This is a revised version of a review I wrote for Channel V, which might explain why it's a bit more... restrained than usual. Enjoy!
Sneaky Sound System's third album picks up where their underrated 2008 sophomore effort "2" left off - with a dreamy mix of '80s synths and cutting-edge electronica. Only this time around, the Australian duo is less concerned with crafting radio-ready pop hits (although there is no shortage of singleworthy material) and more intent on putting their own unique spin on an ambitious array of dance music sub-genres.
Album opener "Friends" rides a thumping bassline all the way to a gigantic chorus that heralds the return of two of the nation's best songsmiths. The track is seeped in lashings of late '90s house-beats, which should prove irresistible to clubbers and pop fans alike. That gem is followed by their current radio hit "Big" and the album's misguided lead single "We Love". The latter is the easily the weakest moment on "From Here To Anywhere" and, unfortunately, gives a false impression of what the third-coming of Sneaky Sound System is all about.
Happily, that generic club-banger makes way for the shimmery "Really Want To See You Again" and all is forgiven. Miss Connie really shows her vocal chops on this effortlessly pretty tune and continues to mine the heartbreak on the Human League-inspired "Remember". Albeit this time against a towering wall of synths. After a couple of sonic detours, the duo return to more commercial ground on "The Colours" and "I Need You So". Both are expertly crafted floorfillers and will, no doubt, find their way to a nightclub near year you in the not too distant future.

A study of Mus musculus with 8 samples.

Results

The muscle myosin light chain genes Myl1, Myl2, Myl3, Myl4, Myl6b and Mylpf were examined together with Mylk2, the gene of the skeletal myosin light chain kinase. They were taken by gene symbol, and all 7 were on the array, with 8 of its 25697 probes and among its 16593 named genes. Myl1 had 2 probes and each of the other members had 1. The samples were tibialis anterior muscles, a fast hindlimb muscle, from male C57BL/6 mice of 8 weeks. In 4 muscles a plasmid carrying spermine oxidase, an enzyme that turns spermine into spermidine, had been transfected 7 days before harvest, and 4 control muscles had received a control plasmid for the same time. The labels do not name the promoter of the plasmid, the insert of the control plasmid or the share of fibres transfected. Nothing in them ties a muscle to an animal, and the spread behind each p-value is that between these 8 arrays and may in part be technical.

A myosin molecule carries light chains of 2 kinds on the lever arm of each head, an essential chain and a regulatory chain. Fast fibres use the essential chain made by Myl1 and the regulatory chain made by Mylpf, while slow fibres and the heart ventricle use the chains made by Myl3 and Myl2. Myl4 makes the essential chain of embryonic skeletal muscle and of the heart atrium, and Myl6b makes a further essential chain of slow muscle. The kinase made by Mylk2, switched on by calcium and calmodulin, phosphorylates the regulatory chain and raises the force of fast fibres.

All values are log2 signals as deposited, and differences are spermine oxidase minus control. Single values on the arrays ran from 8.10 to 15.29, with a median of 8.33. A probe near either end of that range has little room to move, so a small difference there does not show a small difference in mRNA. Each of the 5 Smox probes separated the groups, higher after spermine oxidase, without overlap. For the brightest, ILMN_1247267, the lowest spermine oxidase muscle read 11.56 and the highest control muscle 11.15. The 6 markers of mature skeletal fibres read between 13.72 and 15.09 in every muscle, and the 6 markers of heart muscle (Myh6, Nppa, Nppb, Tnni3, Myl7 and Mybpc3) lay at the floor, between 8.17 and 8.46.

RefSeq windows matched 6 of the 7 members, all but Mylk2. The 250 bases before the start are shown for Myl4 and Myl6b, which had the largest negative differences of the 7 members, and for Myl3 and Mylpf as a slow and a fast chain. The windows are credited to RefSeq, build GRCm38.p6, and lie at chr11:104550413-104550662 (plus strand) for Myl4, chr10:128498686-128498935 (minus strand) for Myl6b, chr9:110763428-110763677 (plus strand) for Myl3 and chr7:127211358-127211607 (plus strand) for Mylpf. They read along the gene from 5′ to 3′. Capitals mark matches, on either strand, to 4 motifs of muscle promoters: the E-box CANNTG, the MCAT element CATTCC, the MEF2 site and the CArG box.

Perhaps more interesting is the ambitious "1984", which sounds like a bizarre cross between Pet Shop Boys and Enigma. The quirky lyrics and experimental production flourishes mark this as one of the band's most accomplished tunes. "I'm Not Leaving", on the other hand, is the record's pure pop moment. An irresistibly catchy blend of '80s Donna Summer and early noughties Kylie Minogue, this summery tune is destined to be a future single.
The album closes with "Lovetown", a sexy Balearic anthem that shows how far Miss Connie and Black Angus have come in the past three years. "From Here To Anywhere" is a perfectly judged comeback from one of the country's most consistently brilliant pop acts.
Edit: My only criticism of this fantastic album is the lack of killer singles. It suffers a bit from Aphrodite-itis. there are lots of very good songs but only two that really scream out to be played on the radio ("Big" and "I'm Not Leaving"). I like that the band is exploring new sounds but it would be sad to see them descend into the cool-electronica-that-nobody-buys ghetto currently occupied by Miami Horror and Cut Copy.